JNCC publishes reports arising from its scientific work on a
wide range of topics under the series title JNCC Reports (ISSN 0963
8091). For more details contact the communications team:
tel 01733 866844 or Email: Communications@jncc.gov.uk
This report describes the findings of a desk study carried out by British Geological Survey (BGS) for the Joint Nature Conservation Committee (JNCC) covering the Braemar Pockmarks SCI area. The Braemar Pockmarks SCI is located in the UK Northern North Sea in the vicinity of the Braemar field (UKCS Block 16/3). This site was submitted to the European Commission on 31st August 2008, under the EC Habitats Directive: 1180 Submarine structure made by leaking gases, and was approved as a Site of Community Importance (SCI) by the European Commission.
This report is the product of a desk study by the British Geological Survey (BGS) for the Joint Nature Conservation Committee (JNCC). The scope of the desk study included a comparison of the JNCC 2012 multibeam/sidescan dataset from the Scanner and Braemar pockmarks areas in the northern North Sea with similar historic datasets noting morphological change. Also within scope were a record of gas seepage and Methane-Derived Authigenic Carbonate (MDAC) observations and an examination of sedimentation rates and evidence of anthropogenic causes of sedimentation.
This report describes the results from a semi-automated approach to the mapping of bedrock outcropping at the seabed.
The Joint Nature Conservation Committee (JNCC), on behalf of the Marine Renewables Ornithology Group (MROG), convened a two day expert workshop on assessing displacement impacts to seabirds from Offshore Wind Farms (OWFs) on 6-7 May 2015 at SNH offices, Perth.
The purpose of the workshop was to review new and existing evidence of seabird displacement from OWFs.
To support Scottish Natural Heritage in identifying possible marine SPAs and to provide the necessary quantitative evidence on inshore aggregations of seaduck, divers and grebes, JNCC completed a multi-year programme of surveys and analysis, the results of which are presented in this report.
The optimal management of natural resources requires accurate land cover and habitat information across a range of spatial and thematic scales. This research is concerned with broad-scale habitat/land cover mapping from satellites. It focuses on the use of medium resolution satellite data, specifically Landsat-type data. The availability of Landsat and Landsat-type data for operational Earth Observation (EO) products appears secure in the medium-term after the successful launch of Landsat 8 in 2013 and the imminent launch of ESA’s Sentinel-2 satellites. SPOT, IRS and DMC sensors can provide similar data.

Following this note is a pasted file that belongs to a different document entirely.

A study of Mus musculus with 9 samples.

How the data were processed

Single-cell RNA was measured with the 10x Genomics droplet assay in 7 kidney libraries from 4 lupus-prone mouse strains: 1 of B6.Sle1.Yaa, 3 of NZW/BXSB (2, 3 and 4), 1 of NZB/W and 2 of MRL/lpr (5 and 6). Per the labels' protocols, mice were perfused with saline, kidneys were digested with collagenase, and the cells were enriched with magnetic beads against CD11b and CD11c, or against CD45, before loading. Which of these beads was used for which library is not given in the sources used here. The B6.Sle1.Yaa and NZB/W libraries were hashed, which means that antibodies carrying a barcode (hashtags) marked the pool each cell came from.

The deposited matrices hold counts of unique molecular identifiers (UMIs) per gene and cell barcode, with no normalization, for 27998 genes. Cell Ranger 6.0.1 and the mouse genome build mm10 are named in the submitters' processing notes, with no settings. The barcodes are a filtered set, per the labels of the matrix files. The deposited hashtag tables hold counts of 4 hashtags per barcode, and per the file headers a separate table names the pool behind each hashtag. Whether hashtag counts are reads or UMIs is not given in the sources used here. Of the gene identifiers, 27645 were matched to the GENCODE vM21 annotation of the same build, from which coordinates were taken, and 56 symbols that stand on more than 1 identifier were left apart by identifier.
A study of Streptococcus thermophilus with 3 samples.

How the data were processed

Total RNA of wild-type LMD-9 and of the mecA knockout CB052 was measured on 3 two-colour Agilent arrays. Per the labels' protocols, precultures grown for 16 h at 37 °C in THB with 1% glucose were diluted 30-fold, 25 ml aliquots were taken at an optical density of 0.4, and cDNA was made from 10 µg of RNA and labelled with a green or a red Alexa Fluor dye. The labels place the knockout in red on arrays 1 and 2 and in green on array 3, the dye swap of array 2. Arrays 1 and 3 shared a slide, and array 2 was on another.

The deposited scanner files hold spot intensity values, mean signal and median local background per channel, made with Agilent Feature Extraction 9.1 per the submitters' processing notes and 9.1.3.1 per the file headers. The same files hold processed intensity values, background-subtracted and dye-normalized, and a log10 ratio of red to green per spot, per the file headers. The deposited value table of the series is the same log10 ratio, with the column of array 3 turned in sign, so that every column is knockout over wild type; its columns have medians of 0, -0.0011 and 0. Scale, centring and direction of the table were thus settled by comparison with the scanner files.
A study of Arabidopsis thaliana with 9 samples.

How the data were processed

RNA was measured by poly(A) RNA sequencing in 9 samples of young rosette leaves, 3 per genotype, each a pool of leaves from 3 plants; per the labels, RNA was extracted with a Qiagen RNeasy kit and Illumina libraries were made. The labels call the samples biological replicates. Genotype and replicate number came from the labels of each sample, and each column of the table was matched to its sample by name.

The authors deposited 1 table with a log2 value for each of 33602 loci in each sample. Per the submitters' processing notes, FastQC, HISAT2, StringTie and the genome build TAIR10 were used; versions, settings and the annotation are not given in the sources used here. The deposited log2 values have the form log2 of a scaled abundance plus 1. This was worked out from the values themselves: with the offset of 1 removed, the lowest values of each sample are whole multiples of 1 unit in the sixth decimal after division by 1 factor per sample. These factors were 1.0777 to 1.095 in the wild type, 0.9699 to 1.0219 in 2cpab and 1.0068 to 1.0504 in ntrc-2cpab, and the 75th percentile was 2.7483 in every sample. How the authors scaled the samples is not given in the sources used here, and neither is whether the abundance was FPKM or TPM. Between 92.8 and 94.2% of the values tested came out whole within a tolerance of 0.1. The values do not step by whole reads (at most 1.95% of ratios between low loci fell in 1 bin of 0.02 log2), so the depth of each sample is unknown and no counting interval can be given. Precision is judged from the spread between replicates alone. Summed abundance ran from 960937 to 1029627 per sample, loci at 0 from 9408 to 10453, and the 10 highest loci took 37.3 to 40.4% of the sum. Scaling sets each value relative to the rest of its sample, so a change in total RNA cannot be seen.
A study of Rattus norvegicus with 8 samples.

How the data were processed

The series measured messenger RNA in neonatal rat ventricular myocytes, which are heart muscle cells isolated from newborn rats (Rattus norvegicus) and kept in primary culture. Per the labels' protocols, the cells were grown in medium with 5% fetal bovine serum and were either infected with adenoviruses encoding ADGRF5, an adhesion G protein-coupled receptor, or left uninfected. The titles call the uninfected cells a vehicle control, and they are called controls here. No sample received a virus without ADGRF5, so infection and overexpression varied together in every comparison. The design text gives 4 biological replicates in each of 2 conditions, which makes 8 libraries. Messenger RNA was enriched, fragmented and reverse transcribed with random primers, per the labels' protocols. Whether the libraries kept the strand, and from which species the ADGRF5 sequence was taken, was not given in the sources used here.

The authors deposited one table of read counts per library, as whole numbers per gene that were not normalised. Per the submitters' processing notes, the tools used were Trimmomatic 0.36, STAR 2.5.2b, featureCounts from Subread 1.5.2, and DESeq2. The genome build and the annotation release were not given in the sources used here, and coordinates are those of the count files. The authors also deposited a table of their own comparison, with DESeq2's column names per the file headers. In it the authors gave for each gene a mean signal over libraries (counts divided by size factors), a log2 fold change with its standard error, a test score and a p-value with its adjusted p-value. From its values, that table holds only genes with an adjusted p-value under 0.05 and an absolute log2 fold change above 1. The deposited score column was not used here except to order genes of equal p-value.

As consistency in recording has long been an issue with in situ monitoring of benthic communities the decision was taken to examine this issue within the JNCC dive team's programme of work.
In order to manage the marine environment effectively, it is necessary for decision makers to have access to suitable tools for identifying the state of marine biodiversity, and where a change in state occurs, to identify possible manageable causes. The use of indicators provides one such method, as a proxy for ecological status.
This report explores how UK businesses consider the value of natural capital in their decision-making. In particular, it documents the findings of an investigation into the motivations of business with regards to natural capital, including relevant factors such as their ways of working, institutional barriers encountered, informational and data needs and opportunities for realising nature’s value and the sustainable use of natural capital.
The purpose of this report is to produce a series of Conceptual Ecological Models (CEMs) that represent the shallow sublittoral mud habitat in the UK. CEMs are diagrammatic representations of the influences and processes that occur within an ecosystem. The models can be used to identify critical aspects of an ecosystem that may be developed for further study, or serve as the basis for the selection of indicators for environmental monitoring purposes. The models produced by this project are ‘control diagrams’, representing the unimpacted state of the environment, free from anthropogenic pressures.